TAMPA — When Brittney Cardillo faced tough times recently in Washington, D.C., her aunt emailed her.
God gives us trials, Debbie Rivera wrote, and they don't always make sense.
"Remember," she wrote, "everything happens for a reason."
At a two-casket funeral Mass where words such as "tragedy" and "evil" punctuated warm memories Monday, the slain woman's wisdom was salve for heavy hearts.
Rivera and her husband, Dr. Hector Rivera, were shot to death at their Avila home Jan. 9. Though deputies arrested a suspect right away, survivors still struggled for answers Monday.
The couple's son, Hector Rivera Jr., 33, sat in the front row at St. Lawrence Catholic Church, braced by his wife.
When the pews filled for the 1 p.m. service, the mourners squeezed closer. When there was no place to sit, they stood, until there was no place to stand.
About 800 packed the church.
Some felt close to the wife.
Debbie Rivera had attended Tampa Catholic, and so had Vanessa Rogers, a banker.
"This is the most horrific, saddest, unimaginable day for me, as well as for other friends, the family, and anybody touched by her life," Rogers said.
Some felt close to the husband.
Dr. Rivera practiced medicine in Town 'N Country, and so did Novelle Kirwan, a urologist. He knew Rivera for 28 years.
The grief crossed generations. Kirwan's son was friends with the Riveras' son.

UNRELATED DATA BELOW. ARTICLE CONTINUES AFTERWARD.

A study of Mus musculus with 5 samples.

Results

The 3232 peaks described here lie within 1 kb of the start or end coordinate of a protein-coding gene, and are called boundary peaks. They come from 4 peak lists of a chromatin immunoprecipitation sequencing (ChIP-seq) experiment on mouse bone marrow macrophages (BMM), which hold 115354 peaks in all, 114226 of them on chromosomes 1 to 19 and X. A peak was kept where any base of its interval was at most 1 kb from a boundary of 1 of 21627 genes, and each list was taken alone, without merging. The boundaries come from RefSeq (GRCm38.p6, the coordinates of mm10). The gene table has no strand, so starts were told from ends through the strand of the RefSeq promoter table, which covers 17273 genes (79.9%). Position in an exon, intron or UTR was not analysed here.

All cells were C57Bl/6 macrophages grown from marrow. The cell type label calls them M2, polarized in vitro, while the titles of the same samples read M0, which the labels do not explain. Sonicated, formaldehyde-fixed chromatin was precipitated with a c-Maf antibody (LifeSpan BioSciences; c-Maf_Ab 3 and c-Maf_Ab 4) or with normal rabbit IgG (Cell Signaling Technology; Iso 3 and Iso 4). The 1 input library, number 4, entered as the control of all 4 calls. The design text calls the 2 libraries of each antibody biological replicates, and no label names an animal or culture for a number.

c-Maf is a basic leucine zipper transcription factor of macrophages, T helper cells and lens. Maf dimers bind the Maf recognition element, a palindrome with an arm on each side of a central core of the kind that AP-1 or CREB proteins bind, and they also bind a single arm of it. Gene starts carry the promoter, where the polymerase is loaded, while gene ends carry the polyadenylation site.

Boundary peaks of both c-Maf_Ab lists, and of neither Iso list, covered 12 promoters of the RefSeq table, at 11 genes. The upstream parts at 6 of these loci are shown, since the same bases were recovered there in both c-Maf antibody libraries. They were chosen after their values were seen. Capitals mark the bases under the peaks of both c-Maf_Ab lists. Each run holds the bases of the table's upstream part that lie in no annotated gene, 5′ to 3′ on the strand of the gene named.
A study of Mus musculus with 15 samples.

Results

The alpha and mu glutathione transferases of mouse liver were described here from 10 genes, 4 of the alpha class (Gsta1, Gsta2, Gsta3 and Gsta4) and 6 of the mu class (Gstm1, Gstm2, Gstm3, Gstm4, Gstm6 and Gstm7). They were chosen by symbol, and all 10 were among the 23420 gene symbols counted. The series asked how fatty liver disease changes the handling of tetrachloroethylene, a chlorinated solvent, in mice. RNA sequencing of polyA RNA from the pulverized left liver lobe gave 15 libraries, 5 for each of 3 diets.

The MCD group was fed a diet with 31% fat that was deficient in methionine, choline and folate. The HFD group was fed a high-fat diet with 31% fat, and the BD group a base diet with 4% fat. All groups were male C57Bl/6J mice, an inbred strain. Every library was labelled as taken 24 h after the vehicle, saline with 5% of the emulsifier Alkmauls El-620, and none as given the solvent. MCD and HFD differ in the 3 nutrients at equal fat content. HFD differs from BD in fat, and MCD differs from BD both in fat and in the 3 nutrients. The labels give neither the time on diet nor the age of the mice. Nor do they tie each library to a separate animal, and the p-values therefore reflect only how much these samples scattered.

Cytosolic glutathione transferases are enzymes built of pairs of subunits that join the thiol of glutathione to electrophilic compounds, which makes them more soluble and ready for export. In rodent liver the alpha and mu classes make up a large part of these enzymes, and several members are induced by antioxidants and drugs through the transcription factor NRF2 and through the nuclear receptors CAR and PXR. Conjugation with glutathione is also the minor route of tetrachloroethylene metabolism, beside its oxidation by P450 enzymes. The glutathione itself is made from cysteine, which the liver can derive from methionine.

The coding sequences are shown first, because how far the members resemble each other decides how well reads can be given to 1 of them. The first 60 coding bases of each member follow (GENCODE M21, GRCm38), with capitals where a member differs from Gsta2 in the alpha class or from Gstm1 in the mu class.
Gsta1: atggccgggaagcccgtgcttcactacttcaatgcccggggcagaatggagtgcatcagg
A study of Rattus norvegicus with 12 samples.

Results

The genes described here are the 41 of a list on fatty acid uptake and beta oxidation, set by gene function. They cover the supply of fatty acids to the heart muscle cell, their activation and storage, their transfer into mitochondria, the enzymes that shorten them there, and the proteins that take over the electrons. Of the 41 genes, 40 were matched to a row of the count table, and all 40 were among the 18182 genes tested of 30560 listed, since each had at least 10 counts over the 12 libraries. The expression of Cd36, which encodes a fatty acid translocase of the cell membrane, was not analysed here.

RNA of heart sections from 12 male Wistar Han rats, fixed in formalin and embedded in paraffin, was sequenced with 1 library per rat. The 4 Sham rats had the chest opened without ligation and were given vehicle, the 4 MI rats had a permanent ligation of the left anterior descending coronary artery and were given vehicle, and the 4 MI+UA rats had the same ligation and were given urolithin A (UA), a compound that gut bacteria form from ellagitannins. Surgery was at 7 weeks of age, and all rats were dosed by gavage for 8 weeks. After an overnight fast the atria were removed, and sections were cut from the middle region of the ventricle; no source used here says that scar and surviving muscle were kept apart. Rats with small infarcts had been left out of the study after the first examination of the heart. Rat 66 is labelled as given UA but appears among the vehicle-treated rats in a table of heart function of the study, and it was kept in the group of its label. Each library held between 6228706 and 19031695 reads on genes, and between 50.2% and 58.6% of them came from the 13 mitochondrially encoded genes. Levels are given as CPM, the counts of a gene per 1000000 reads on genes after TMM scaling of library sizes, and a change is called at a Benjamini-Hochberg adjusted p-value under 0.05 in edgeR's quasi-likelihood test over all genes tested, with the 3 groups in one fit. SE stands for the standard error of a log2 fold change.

Amid the well-dressed high school buddies and relatives in dark tailored suits were recognizable faces from Tampa society: baseball legend Lou Piniella, former Rays owner Vince Naimoli, beer distributor Tom Pepin, developer Dick Corbett, coin dealer Mark Yaffe.
Her halo and wings surely have beads, one man quipped. Dr. Rivera, the man said, must be making house calls in heaven.
Hector was a gregarious man from Puerto Rico who would dance whenever Latino music played.
Hector always had to be different, said friend Dr. Jay Garcia. While in Switzerland, at an Italian restaurant, Hector ordered the seven-fish dinner.
It came to the table with seven whole fish — scales, eyes and all.
Laughter offered relief.
After a nearly two-hour service Monday, the crowd recessed as a pianist played On Eagles' Wings.
Outside, two hearses waited.
White for Debbie, black for Hector.
Times staff writer Amy Scherzer contributed to this report. Jessica Vander Velde can be reached at email@example.com or (813) 226-3433.